Gender the word is quite in vogue now a days. As far as the mushrooming NGOs are concerned, most of the organizations have adopted the agenda as a fashion rather than passion. There is a misconception regarding the use of the term ‘gender’. In the social context, gender is often the cause of bias. Gender bias is a thorn in the flesh of more or less every social system, in one way or the other. It has often been realized that women have been the victims of exploitation whether they get jobs or not. People generally believe that after getting a job most of the financial and social problems are solved. However, this has been exactly opposite in the case of women. When men get jobs,their problems are solved but, when women get jobs their problems can be multiplied.
The constitution of Islamic Republic of Pakistan gives equal rights to both men and women. However, in practice men are considered superior to women. The reality shows a situation where women rarely appear in positions of power. According to the UNDP Human Development Report (1999th) the gender Empowerment Measure the GEM quantitatively measure the empowerment of women on a country over earned economic resources, participation in political decision-making and economic decision-making.
In Pakistan there is social environment that never allows Pakistani women to come out and face the society bravery. Women remain restricted to the home. It has been revealed through various surveys that there is a sufficient ratio of working women in Pakistan, who either do not prefer to work or do not have access to the opportunity to work. It was discovered in the region of Gujranwala, a city of Punjab province that 25% of the seats allocated to women are vacant in the district. The situation is the same in the rest of the country. There is a serious need to ponder why these women do not want to work, and plays a vital role in the country’s economic growth and why half of Pakistan’s population is sitting idle at home.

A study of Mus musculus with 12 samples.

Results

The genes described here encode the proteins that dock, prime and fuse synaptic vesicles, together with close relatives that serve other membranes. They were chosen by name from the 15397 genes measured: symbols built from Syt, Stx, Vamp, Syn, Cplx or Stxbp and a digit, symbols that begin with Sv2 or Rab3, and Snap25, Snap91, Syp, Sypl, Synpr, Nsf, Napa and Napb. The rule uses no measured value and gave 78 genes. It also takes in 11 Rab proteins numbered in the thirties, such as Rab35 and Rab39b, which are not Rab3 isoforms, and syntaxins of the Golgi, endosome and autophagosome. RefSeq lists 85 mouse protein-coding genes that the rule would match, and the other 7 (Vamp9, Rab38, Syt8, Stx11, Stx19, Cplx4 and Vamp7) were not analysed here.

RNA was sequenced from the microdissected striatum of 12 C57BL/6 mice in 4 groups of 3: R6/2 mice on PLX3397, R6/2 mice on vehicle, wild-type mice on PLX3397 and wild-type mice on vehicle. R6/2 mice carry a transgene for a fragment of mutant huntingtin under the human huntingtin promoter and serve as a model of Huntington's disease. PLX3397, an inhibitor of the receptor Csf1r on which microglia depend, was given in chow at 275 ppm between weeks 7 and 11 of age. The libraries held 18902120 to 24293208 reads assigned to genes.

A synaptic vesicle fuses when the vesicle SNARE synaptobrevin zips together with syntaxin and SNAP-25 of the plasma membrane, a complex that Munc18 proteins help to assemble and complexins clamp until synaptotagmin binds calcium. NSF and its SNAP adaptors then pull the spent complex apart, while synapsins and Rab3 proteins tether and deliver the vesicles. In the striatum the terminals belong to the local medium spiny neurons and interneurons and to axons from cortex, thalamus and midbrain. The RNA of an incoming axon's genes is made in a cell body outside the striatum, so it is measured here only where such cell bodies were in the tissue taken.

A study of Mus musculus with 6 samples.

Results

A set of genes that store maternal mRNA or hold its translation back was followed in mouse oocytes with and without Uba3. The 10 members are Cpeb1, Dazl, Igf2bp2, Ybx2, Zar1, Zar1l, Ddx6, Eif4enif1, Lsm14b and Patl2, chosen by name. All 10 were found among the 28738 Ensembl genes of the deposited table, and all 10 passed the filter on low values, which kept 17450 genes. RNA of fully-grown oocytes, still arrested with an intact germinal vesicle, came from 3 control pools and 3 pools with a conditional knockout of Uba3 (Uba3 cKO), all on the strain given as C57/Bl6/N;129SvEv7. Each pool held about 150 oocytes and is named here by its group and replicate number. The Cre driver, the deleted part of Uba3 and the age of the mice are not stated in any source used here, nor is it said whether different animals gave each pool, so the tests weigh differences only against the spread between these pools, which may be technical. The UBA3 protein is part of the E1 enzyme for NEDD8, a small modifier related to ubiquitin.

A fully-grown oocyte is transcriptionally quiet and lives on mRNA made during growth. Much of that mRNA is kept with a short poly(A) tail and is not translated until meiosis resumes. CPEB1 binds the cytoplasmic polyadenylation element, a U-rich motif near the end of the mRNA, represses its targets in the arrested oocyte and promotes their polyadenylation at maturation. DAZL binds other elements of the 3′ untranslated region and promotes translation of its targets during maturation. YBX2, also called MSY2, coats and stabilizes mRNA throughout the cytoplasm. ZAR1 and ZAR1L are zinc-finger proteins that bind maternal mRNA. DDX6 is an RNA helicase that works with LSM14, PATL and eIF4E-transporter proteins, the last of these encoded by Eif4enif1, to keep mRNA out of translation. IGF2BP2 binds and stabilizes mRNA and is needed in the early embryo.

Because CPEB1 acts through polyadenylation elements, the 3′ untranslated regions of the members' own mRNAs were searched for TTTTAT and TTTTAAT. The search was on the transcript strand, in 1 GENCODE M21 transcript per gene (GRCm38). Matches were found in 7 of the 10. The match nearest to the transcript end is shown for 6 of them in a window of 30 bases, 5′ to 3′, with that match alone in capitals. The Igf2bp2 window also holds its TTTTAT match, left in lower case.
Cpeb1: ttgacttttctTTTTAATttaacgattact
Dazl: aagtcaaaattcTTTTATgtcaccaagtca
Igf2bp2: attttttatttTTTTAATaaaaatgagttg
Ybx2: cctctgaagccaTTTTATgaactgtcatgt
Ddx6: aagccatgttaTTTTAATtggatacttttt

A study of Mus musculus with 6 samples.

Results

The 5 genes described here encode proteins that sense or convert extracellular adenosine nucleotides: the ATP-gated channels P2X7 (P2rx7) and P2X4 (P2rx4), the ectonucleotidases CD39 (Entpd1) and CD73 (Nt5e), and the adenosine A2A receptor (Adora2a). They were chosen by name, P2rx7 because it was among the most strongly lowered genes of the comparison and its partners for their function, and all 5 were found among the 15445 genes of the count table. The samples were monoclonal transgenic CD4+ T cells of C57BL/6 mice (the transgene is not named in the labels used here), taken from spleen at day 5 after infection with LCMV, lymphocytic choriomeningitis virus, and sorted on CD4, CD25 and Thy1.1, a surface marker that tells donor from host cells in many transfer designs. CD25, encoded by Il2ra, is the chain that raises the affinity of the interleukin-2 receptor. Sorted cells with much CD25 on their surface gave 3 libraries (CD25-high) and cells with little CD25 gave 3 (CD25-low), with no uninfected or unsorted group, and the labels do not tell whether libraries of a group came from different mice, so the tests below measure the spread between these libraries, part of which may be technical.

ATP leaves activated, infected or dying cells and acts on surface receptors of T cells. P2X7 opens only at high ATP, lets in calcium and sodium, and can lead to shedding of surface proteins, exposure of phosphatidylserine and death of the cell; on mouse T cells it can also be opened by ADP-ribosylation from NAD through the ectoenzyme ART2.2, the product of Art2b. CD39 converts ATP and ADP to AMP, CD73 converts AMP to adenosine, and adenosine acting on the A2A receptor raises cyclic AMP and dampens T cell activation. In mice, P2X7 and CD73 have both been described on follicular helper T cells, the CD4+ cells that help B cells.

The need of the hour is to define, interpret and apply ‘gender’ in a purely Pakistani context. Only then will we be able to reduce disparities and the losses in major areas of national development, such as education, economy and health. Converting the gaps into gains in such areas would take us as a nation on the path of development.